View Full Version : What type of Polaroid film to check exposure with?

8-Jan-2006, 23:30
I am new to large format photography and I will be using Fuji Velvia and Provia a lot for landscape work. I like the idea of checking my exposure using Polaroid film but I do not know what kind to buy. Any suggestions? Also, how do I use the Polaroid film? What is a good resource on that subject? Does the Polaroid film have to sit in the holder a while after being exposed before it can be taken out and viewed? If so, how long does it have to stay?


Paul Moshay
9-Jan-2006, 00:52
Chris, Use Type 54 and follow the directions in the box. Paul

Dan V
9-Jan-2006, 06:59
Type 54 works well for my outdoor photography purposes. After exposing, the polaroid is removed from the holder by lowering a lever on the holder that breaks the chemical packet and develops the film. After waiting the appropriate processing time depending on ambient temperature, the film envelope is pealed back revealing the print - which does not require chemical coating.

steve simmons
9-Jan-2006, 07:19
If you are new to large format may I suggest some reading

Using the View Camera that I wrote

Large Format Nature Photography by Jack Dykinga

User's Guide to the View Camera by Jim Stone.

Check your library or Amazon.com

Also, there are several free articles on the View Camera magazine web site


and the click on Free Articles

Type 54 is the best although checking exposure with Polaroid is not something I recommend. You will still have to learn to use a meter and then calibrate the difference between the Polaroid and the real film. Use the Polaroid for awhile but then graduate to just the meter.

steve simmons (www.viewcamera.com)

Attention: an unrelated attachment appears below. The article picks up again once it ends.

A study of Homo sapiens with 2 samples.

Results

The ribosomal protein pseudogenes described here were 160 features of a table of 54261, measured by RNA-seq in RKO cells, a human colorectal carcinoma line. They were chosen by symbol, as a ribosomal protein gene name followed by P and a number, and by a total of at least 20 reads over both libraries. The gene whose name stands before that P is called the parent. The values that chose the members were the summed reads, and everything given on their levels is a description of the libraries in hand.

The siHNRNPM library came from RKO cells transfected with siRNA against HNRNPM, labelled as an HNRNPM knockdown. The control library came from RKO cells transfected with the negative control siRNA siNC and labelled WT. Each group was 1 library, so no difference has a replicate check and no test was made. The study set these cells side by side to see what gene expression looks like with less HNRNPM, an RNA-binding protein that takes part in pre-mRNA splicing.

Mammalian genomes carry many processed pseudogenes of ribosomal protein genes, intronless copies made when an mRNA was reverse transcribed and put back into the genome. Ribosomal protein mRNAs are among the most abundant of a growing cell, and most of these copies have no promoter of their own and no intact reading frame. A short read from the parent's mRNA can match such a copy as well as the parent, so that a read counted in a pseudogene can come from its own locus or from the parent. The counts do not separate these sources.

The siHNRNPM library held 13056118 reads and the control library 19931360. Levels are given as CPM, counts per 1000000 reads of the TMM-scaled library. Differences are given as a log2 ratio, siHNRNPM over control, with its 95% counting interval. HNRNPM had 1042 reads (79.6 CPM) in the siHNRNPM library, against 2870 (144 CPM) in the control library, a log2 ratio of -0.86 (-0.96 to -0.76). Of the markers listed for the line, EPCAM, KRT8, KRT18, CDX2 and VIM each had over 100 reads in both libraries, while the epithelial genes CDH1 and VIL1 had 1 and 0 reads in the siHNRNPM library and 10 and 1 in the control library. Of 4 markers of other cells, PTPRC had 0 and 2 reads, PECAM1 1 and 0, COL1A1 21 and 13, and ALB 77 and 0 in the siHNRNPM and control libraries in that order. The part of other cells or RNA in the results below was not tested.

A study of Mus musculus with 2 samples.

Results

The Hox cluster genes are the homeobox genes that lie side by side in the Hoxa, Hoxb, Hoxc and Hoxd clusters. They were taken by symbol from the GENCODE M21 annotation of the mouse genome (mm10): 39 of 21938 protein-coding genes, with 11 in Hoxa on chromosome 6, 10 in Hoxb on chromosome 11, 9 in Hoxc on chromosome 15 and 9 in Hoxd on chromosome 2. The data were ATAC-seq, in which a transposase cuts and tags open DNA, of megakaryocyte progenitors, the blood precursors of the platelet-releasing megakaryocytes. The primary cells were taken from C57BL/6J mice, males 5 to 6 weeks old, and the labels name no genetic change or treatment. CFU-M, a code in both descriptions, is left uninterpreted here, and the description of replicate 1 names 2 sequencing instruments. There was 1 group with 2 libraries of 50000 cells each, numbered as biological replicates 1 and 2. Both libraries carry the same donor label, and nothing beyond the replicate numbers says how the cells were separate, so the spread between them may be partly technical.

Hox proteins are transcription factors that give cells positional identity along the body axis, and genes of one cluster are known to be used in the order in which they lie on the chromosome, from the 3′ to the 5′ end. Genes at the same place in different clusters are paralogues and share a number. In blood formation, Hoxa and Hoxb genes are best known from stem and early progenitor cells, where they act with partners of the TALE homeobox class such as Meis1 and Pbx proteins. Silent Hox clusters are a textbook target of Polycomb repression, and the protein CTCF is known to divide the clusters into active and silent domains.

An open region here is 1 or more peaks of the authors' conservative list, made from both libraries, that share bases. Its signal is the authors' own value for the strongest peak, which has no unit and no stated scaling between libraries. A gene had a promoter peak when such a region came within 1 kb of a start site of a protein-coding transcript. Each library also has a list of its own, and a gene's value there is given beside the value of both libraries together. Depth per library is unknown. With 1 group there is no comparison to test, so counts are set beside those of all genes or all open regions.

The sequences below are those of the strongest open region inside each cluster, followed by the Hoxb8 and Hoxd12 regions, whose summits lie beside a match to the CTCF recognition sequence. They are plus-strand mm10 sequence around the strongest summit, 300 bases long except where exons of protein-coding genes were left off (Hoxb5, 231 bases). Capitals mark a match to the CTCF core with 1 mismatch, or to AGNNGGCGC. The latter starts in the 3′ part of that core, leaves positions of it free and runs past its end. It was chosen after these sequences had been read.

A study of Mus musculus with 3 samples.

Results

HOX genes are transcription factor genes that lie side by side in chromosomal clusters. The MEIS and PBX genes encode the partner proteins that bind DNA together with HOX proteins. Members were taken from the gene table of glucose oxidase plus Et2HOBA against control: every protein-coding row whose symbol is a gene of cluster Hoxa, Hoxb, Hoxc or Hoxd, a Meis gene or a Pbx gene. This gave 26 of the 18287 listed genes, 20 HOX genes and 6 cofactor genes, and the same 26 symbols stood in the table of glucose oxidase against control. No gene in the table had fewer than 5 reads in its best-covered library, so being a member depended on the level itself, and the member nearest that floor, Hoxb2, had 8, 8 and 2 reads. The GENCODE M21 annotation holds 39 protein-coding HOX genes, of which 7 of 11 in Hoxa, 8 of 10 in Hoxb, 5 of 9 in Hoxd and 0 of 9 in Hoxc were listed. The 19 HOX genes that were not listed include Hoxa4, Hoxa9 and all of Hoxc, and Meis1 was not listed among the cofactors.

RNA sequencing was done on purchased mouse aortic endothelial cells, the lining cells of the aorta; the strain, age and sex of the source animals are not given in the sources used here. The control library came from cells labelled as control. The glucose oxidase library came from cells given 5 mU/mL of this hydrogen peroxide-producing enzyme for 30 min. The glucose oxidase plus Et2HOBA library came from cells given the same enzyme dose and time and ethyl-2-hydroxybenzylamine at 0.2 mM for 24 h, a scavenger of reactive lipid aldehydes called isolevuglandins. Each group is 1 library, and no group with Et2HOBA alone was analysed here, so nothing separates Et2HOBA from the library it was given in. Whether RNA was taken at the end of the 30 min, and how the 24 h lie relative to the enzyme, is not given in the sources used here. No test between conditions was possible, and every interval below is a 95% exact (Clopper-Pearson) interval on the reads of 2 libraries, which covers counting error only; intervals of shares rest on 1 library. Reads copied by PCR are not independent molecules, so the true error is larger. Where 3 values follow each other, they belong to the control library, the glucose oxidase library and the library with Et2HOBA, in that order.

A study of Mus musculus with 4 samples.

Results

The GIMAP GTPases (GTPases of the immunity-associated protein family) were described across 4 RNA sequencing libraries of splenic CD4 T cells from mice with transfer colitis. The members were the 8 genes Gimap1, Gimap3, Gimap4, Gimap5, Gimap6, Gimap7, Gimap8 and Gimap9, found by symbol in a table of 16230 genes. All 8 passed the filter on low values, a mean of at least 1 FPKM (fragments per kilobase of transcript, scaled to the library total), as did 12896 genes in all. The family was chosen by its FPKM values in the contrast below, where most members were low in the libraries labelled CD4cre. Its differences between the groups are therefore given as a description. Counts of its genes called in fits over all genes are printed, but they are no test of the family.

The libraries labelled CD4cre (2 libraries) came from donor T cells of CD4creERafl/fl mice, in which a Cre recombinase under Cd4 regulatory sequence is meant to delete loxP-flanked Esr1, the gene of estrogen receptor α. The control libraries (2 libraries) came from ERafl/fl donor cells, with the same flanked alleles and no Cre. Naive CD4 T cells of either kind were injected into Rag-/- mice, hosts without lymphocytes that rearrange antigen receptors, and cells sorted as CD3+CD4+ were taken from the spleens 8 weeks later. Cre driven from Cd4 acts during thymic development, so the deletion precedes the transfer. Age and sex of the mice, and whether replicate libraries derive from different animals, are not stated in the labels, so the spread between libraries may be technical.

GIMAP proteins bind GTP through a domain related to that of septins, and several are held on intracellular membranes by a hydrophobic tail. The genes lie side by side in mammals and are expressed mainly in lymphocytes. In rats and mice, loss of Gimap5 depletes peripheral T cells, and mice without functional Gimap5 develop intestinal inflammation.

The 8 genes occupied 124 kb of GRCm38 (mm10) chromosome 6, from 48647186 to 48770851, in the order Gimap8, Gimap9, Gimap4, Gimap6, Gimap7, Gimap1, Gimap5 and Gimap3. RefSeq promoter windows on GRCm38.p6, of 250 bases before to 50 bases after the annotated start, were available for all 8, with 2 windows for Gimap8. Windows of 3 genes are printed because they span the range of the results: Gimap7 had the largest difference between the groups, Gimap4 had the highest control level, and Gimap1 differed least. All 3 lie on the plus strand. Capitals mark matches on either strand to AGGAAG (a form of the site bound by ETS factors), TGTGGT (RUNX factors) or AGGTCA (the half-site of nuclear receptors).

Ed Richards
9-Jan-2006, 07:41
I used Polaroid to get started. There is some value to using it as an exposure test to figure out how to meter correctly, but it is even better as a check on your focus and composition. The instant feedback will let you get up to speed very quickly on the basic use of the camera. My recommendation is to shoot at least 100 sheets, more if you can afford it, just trying to get everything right before you shoot any film. Remember, a Polaroid is a contact print and a viable piece of art on its own.

Ralph Barker
9-Jan-2006, 08:28
I prefer Type 54 for testing, as well.

While Polaroid is a great learning aid early on in one's LF experience, its value to experienced photographers shouldn't be discounted. Polaroids can (obviously) be used to confirm metered exposure as well as composition. As a former magazine editor, I think of Polaroid confirmation shots as being parallel to a final proof reading of something I've written or edited. It never hurts to check again.

steve simmons
9-Jan-2006, 08:56
The Polaroid holder - 545 or newer - will also work for the pre-loaded films from Kodak and Fuji so it functions as an all purpose pre-loaded film holder.

steve simmons

9-Jan-2006, 21:26
Thanks for all the help. I bought an older metal 545 film holder so now I will go and order some type 54 film. How important is it that I know what the ambient temperature is? Should I go buy a thermometer?

Alex Hawley
9-Jan-2006, 21:54
I agree with Ralph and Steve's advice. I shyed away from polaroid when I started LF, primarily because of the cost factor. Now I use it quite a bit. For outdoors work with the 8x10, I use it to check tone, contrast and exposure. If the available light isn't giving me what I want, I know right away and can adjust accordingly, or wait for different lighting. Indoors, its invaluable for confirming exposure especially when the bellows is extended. I also use it to test out ideas; ideas in composition and lighting, before I commit them to a negative.

Type 54 is great for all the above. I've also come to like Type 55 positive/negative for 4x5 work. Its a nice change to get the negatives without the usual darkroom developing session. It's slow, asa 25 for the neg, but it has become my primary 4x5 film unless I really need a high film speed.

Ralph Barker
10-Jan-2006, 07:30
Alex - I think you touched on an excellent point - the Polaroid cost factor.

While a bit pricey (particularly in 8x10), LF Polaroids provide a good "return on investment" once we shift our cost thinking to a broader view. The few dollars represented by the Polaroid usually pales in comparison to the expense of "getting there" - either with a field trip or in assembling a more commercial shoot. Thus, the insurance of knowing the shot is "nailed" is well-worth the cost of the Polaroid. As with other "tools", the value depends on how the individual uses the tool to their advantage.